Putin and Sun Tzu

“He who knows when he can fight and when he cannot, will be victorious.”
“The supreme art of war is to subdue the enemy without fighting.”
“Be extremely subtle, even to the point of formlessness. Be extremely mysterious, even to the point of soundlessness. Thereby you can be the director of the opponent’s fate.”

--Chinese philosopher of war Sun Tzu

An accumulating mass of information suggests to me—and I hope I am wrong about this—that Vladimir Putin has launched a war against the United States and its European and other allies (the “West”). I also think that Vladimir Putin is a student of Sun Tzu, and has applied strategies like those above.
Whether Putin’s motive is simply a hatred for and desire to destroy the democracies that humiliated the Soviet Union, the reassembly of most if not all of Russia’s empire, or something else I don’t know. Certainly, the destruction of the West is part of whatever he seeks.
His method of waging this war seems reasonably clear. Russia is militarily and financially no match for the US and NATO. But he perceives that the West is rich and complacent, and concludes that, reminiscent of German Jews facing the rise of Hitler in the 30s, we are loathe to jeopardize our comfort by taking decisive but extremely costly self-protective action so long as his threat remains, shall we say, “soundless,” “formless” and “mysterious.”
Putin “knows when he can fight and when he cannot.” Russia lacks the financial strength to mount a powerful military, but information technology now provides a much less expensive as well as “mysterious” offensive force: cyberwarfare. Not only is it cheap and hard to detect, but extensive dependence on the internet and other computer-controlled infrastructure networks makes the West exceedingly vulnerable to it. And with our uncensored social media and belief in freedom of expression, we have forged weapons for our own destruction.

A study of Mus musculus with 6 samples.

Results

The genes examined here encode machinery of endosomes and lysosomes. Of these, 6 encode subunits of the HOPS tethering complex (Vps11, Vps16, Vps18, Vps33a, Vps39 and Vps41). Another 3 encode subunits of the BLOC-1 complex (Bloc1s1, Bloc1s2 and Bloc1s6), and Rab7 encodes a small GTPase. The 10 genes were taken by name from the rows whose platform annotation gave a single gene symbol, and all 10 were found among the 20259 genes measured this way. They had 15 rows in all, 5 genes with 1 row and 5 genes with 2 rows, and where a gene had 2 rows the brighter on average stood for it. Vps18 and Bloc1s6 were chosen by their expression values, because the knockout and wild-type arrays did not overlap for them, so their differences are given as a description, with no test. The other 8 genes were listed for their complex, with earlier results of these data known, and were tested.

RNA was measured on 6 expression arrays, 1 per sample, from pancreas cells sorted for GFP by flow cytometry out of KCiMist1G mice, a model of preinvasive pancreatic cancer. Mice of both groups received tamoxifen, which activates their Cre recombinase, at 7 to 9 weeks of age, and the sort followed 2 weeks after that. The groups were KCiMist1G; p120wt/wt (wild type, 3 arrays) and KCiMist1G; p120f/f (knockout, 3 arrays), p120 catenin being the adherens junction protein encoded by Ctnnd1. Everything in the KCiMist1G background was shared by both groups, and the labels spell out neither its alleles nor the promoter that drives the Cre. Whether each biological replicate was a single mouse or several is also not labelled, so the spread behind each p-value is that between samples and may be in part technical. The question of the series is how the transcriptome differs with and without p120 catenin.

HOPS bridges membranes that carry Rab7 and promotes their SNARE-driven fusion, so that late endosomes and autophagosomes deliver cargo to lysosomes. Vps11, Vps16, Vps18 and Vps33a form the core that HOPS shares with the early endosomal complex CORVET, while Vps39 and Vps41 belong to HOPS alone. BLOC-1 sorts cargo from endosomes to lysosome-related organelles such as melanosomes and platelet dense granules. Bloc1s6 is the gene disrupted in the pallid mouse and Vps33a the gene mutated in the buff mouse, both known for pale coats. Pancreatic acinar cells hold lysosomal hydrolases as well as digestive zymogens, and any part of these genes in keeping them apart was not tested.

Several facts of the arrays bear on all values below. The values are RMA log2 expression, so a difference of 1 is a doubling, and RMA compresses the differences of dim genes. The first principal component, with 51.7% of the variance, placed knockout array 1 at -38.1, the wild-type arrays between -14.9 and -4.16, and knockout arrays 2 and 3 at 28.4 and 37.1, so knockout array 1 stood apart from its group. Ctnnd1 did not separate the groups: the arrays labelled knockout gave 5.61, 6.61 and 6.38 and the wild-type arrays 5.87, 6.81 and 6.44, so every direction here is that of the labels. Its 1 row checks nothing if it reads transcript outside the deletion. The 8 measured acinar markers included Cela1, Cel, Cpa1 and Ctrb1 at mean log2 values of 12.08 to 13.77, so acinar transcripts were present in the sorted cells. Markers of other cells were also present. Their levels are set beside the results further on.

So Putin has for several years been developing and honing perhaps the world’s most aggressive and effective cyberwarfare capability. This has stolen sensitive information from the most carefully secured sites, locked up and ransomed expensively protected computer systems, disrupted vital communications and other infrastructures, and swarmed social media like Twitter and Facebook with vast clouds of false, scurrilous messages designed to enrage people, inspire hatred or fear, set communities against each other or themselves, and impugn politicians Putin deems dangerous. His efforts may well have thrown the US Presidency to Donald Trump, and provided crucial support to such disruptive causes as Brexit, Kurdish independence, Catalan secession from Spain, and the 5 Star movement in Italy, among others.    

While Putin uses cyberwarfare against the West “to subdue the enemy without fighting,” he has also initiated small and camouflaged military invasions of Russian neighbors like Georgia, the Crimea, Ukraine, and Latvia. Nothing so far is clear enough to shatter our complacency and mobilize our overwhelmingly stronger military, but still valuable land grabs and useful threats to other neighbors. These actions, along with a cyberwar effort whose extent is not yet fully apparent, are the evidence for my concern that, without our knowing it, Mr. Putin has launched a deadly war against the US and its allies.